BOSTON   — A man who attacked the computer network of a renowned hospital in Boston to protest the care of a teenager at the center of a high-profile custody battle was sentenced Thursday to more than 10 years in prison.

Martin Gottesfeld said he has no regrets for the cyberattacks he orchestrated on Boston Children’s Hospital and a treatment home in 2014, which cost the facilities tens of thousands of dollars and disrupted operations for days.
Gottesfeld’s lack of remorse drew a scathing rebuke from the judge, who called his crimes “contemptible, invidious and loathsome.”

“It was your arrogance and misplaced pride that has been on display in this case from the very beginning that led you to believe you know more than the doctors at Boston Children’s Hospital,” the psychiatrists at the treatment facility and everyone else, U.S. District Judge Nathaniel Gorton said.

Gottesfeld, a self-proclaimed member of the international hacking group Anonymous who calls himself an “Obama-era political prisoner,” insists his actions weren’t criminal because he says was trying to save the life of Justina Pelletier.

The Connecticut teenager was placed in state custody in Massachusetts after her parents disputed Boston Children’s Hospital doctors’ diagnosis of their daughter.

Pelletier had previously been diagnosed with mitochondrial disease, a disorder that affects cellular energy production, but Boston Children’s Hospital diagnosed her problems as psychiatric.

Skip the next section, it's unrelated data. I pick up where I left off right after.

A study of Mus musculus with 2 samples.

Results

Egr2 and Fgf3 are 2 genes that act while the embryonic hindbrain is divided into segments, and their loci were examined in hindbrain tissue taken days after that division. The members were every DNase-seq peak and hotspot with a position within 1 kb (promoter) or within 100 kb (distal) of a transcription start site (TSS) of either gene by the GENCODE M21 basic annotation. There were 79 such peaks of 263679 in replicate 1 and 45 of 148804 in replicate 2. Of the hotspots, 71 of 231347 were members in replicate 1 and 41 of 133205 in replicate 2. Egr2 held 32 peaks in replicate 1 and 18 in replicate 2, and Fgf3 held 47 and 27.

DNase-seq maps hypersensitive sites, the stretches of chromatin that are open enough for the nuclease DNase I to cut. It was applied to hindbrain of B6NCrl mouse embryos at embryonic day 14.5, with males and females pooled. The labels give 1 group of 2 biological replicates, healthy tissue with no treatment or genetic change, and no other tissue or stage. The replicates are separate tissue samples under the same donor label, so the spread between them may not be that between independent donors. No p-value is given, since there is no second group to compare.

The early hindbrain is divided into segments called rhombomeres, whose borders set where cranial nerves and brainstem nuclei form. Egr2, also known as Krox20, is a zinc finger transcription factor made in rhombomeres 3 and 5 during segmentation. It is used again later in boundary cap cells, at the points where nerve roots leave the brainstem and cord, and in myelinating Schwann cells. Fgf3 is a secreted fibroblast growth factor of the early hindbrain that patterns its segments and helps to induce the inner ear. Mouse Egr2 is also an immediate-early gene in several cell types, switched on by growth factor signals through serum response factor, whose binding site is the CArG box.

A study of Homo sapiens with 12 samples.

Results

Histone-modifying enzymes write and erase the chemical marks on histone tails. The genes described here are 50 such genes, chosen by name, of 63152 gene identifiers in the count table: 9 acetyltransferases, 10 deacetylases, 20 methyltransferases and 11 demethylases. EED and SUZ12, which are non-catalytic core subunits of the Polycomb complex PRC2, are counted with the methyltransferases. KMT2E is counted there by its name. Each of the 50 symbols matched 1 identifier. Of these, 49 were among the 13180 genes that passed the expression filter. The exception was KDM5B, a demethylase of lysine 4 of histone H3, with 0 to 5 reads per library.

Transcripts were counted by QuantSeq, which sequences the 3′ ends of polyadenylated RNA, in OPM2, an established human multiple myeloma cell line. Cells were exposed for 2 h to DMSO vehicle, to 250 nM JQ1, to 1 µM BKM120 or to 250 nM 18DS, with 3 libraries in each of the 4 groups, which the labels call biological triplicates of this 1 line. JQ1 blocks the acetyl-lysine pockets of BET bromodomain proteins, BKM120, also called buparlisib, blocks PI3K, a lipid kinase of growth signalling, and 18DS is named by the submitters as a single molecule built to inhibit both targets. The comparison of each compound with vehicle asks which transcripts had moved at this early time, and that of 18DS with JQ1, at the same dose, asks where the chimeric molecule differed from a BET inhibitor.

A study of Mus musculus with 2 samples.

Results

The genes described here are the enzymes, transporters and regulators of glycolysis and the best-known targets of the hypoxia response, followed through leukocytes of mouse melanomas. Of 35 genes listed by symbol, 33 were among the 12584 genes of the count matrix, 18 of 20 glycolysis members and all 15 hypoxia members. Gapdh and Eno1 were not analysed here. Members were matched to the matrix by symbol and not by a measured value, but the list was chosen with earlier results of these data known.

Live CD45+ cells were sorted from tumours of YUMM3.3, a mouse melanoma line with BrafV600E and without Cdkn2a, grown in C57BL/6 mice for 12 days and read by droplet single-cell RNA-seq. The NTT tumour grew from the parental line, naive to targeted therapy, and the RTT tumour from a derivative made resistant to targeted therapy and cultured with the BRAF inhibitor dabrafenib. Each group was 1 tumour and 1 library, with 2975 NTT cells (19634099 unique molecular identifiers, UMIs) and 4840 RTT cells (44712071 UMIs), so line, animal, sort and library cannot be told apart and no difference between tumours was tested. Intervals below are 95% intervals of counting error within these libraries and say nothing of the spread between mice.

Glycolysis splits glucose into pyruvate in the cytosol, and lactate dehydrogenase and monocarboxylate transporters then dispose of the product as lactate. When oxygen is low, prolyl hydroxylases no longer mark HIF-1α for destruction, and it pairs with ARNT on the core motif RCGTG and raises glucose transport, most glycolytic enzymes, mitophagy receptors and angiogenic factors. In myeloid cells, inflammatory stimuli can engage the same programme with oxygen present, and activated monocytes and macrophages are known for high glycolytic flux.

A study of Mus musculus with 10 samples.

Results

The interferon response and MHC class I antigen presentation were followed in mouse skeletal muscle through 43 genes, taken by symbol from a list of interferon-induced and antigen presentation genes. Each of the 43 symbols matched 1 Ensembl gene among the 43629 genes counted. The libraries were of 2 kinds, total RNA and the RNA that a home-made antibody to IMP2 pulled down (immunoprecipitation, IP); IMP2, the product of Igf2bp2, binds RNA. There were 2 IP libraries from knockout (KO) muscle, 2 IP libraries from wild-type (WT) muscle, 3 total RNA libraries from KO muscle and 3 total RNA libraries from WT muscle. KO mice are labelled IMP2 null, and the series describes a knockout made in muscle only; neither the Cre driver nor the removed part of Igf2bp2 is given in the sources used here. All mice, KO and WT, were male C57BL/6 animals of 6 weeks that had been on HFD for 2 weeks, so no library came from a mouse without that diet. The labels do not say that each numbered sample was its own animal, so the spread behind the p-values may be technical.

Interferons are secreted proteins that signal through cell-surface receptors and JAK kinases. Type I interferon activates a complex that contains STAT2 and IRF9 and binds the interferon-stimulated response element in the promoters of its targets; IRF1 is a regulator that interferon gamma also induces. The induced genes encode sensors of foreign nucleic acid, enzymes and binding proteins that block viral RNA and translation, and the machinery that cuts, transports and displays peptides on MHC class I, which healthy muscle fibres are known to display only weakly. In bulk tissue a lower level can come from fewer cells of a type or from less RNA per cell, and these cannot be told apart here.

The case drew national media attention and ignited a debate over parental rights. Pelletier was later returned to her parents on a judge’s order.

Gottesfeld, who represented himself at the Thursday hearing, told Judge Gorton that he believes he made a big difference in Justina’s life and urged the judge to sentence him to time served.

“My only regret is that I didn’t get to Justina sooner,” he said. “I wish I had done more.”

Gottesfeld’s wife said after the hearing that they plan to appeal.

“This was always about protecting a child,” Dana Gottesfeld said.

Gottesfeld was arrested in 2016 after he and his wife fled the country and were picked up by a Disney cruise ship when their sailboat ran into trouble off the coast of Cuba.

While awaiting trial, he waged a 100-day hunger strike in prison he said was aimed at bringing attention to the treatment of troubled youths in institutions.

The prosecutor asked the judge to sentence Gottesfeld to more than 12 years, describing him as a “self-aggrandizing menace” who has sought to portray himself as a human rights activist from behind bars.

Assistant U.S. Attorney David D’Addio said Gottesfeld put lives in danger, continues to peddle “lies and conspiracy theories about his prosecution” and is a serious risk of offending again.
“He did not save a girl’s life,” D’Addio said. “He is not a hero. He committed crimes and today is about holding him accountable for those crimes.”